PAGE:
Surprises every day + Rocking out with Troy Nixon's rock designs

The best thing about gardening is a new surprise every day. I guess my best surprise today was 3″ of rain!  Kaboshed our Mueller garden taping, but gotta love it.  Ed, our camera director, said I looked like a “drowned squirrel.” He and Steve, our audio person, were soaked to the skin running the gear to safety.  But another surprise this week is my Tawny daylilies.

Tawny daylily

For weeks, we watched the surprise coming from our Yucca pallida.

Yucca pallida forming bloom stalk

Yucca pallida flowers

Yucca pallida blooming

The leaffooted bugs were anxious, too. Eventually, their humongous numbers reduced, possibly thanks to the frenzied parental birds grocery shopping for the kids. (Oh, I had a shot of their clusters, but I “learned” a new trick on how to erase  EVERY shot from my camera card.  Some surprises I don’t really need).

Leaffooted bug on Yucca pallida flower

My Agave celsii took another severe hit last winter. Although I didn’t plan to dig it up yet, a few months ago it decided to give me an incentive to keep it around. Our first measurement on April 3 was about 3 feet.

At blooming time, it’s 48”. The flowers start at the bottom and work their way up.

Agave celsii flowers

Agave celsii flower buds

What my garden really needs, though, is  architectural structure. I’ve hauled rocks by the trunk load, collected them for free, and one luxurious day, had a bunch of limestone edgers delivered. But how do you give it that professional look?

Since I often get this question from gardeners, this week on CTG Tom meets with Troy Nixon from Environmental Survey Consulting for some DIY tips from the pros. How do you haul stones, chip them, and place them?  What about creative designs to deal with drainage issues? How do you do it when it’s just you, or if lucky, a spouse or a friend who got enlisted for the price of a cold one?

Laying rock borders, Environmental Survey Consulting

Environmental Survey Consulting

Drainage solution Environmental Survey Consulting

Get Troy’s insider tips from ESC, founded in 1984 by David Mahler and Judy Walther. They were among the leaders to promote a “restoration first” approach to garden design that respects native plants and our resources.

Environmental Survey Consulting
One plant, one shovel, and one rock at a time, that’s how Kati & David Timmons did it. CTG goes on tour with them for David’s revelation of his mistakes, practical tips, and artistic insight about  how they turned their standard in-town yard into a garden of many levels, front and back. Working with David’s designs, Troy executed some of their stone work.

Kati and David Timmons garden Austin Texas

Kati and David Timmons garden Central Texas Gardener

Kati and David Timmons garden Austin Texas

And, bonus time! David’s a graphic artist. If you love Lucinda’s book as much as I do, now you’ll meet the man behind its design.

Lucinda Hutson The Herb Garden Cookbook

Last weekend, I got around to planting more cosmos seeds. Thank you, rain, for this perfect timing!

Yellow cosmos

This was the first summer annual I grew in my dusty garden years ago. As a new gardener, I was thrilled at “instant magic” from a packet of seeds. Aside from their heat resilience, they attract butterflies and other pollinators.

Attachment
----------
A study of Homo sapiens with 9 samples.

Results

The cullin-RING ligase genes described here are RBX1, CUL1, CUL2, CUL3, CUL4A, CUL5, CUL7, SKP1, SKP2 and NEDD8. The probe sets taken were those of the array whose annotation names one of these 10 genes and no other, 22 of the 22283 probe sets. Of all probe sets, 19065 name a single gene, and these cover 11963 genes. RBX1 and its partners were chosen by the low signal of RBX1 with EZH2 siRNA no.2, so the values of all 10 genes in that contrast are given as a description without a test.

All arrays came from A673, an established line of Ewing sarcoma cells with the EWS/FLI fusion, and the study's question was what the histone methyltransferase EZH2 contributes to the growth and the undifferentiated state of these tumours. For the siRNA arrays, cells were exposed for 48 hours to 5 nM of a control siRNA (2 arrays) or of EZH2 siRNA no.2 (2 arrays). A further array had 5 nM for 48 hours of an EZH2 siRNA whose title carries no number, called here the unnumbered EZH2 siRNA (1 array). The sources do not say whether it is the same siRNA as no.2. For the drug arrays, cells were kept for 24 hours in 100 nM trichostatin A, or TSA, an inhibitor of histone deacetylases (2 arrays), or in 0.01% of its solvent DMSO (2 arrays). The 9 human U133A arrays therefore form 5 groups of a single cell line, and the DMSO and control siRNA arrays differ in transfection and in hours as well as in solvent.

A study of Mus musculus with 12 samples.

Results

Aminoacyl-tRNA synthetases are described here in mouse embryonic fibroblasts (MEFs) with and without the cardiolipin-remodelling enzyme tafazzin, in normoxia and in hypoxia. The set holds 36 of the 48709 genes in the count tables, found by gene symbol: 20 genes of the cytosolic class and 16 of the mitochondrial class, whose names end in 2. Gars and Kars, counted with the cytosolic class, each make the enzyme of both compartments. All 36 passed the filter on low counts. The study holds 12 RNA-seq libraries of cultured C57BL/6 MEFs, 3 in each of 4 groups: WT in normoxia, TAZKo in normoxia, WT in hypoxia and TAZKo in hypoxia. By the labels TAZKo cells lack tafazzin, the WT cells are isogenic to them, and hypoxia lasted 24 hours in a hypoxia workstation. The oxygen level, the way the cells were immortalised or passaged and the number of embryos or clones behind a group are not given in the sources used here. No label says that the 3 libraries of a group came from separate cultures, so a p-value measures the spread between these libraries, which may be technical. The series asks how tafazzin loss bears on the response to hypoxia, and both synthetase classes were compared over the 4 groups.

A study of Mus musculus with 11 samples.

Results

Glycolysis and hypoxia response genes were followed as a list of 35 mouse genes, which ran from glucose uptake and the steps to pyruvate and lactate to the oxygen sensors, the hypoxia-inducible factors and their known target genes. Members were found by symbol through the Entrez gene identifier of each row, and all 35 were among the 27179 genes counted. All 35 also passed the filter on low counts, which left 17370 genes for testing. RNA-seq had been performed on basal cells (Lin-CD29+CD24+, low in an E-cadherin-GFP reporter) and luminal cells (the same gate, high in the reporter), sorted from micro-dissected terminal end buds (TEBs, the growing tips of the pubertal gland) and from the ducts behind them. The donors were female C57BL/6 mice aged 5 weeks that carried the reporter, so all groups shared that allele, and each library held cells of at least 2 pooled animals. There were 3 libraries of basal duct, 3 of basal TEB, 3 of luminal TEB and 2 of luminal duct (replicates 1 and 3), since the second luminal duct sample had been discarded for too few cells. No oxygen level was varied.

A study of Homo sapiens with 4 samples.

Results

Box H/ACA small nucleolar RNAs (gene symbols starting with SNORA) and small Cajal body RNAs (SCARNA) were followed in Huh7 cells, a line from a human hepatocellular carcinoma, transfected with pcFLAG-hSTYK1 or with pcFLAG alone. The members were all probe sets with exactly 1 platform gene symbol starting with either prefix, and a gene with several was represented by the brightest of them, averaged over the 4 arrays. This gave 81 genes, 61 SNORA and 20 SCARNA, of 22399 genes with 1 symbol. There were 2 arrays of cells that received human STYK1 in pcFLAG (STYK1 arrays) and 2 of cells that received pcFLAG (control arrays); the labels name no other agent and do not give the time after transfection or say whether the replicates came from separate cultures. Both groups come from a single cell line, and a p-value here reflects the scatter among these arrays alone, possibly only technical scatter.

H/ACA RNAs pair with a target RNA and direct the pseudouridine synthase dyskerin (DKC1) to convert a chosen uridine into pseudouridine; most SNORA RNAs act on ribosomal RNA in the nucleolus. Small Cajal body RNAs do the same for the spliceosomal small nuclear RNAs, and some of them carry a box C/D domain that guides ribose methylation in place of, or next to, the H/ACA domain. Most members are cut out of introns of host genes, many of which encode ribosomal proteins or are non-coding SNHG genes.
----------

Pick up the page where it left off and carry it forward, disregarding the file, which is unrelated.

Cosmos Kathy-Annie Kloba
As Daphne’s Plant of the Week, I also thank garden bloggers:

Pam Penick from Digging

Bonnie Martin from Kiss of the Sun

Laura Wills from Some Like It Hot

Caroline Homer from Shovel Ready Gardener

Rachel Strain Graham from In Bloom

Check out their blogs for super garden info!

Daphne’s question of the week is one we often get: when do spring plants form their flowers? Some form on new wood and some on older wood.  Mountain laurels are forming their buds right now, so if you prune heavily, you’ll sacrifice next spring’s Kool-Aid high.

Mountain laurel flower spike

Also significant for flowering plants and fruit trees: year-round water. If they stay dry in the critical months of bud formation, they’ll blow off reproduction until things look better.

With pruning on our minds, on Backyard Basics, Merrideth Jiles from The Great Outdoors shows how to deadhead. After pruning, he gives everyone a boost with a liquid seaweed foliar feed.

pruning plants with Merrideth Jiles, The Great Outdoors.
Tons of events, including the Travis County Master Gardeners tour this weekend. And see all the neat events they have coming up!

On May 21 & 22, check out the Heart O’ Texas Orchid Society show and sale. They’ll also have workshops on how to grow these beauties.

Also on May 21, hit the Outdoor Living tour for plants and outdoor living designs.

Then, on May 22, from 1 – 5 p.m., visit a few gardens in east Austin on the Windsor Park Garden Tour.  Outstanding ideas, with only a suggested donation of $5 for all three. Just show up at one of them to get your pass.  1412 Suffolk Drive| 1420 Ridgehaven Drive|2104 Bristol Drive.

Until next week, Linda

2 Responses to “Surprises every day + Rocking out with Troy Nixon's rock designs”

  1. Gorgeous daylillies. I have some, passalongs from Mom that originated in my grandmother’s yard in the 1960′s, with similar blooms…or would have been if the deer hadn’t eaten most of the buds off. I’ve tomato-caged the last bloom stalk and crossed my fingers.

    And deer-caged my Sweet 100′s tomatoes. Everything outside the cage nipped off. We’re seeing predation on plants they normally leave alone, like Dwarf Barbados Cherry, Autumn Sage blossoms and pineapple sage.

    Dancing for rain…

    • Linda says:

      I’m so glad for your passalong plants. And so sorry for the deer. Wish it would rain so they’d have something to eat in the wilds.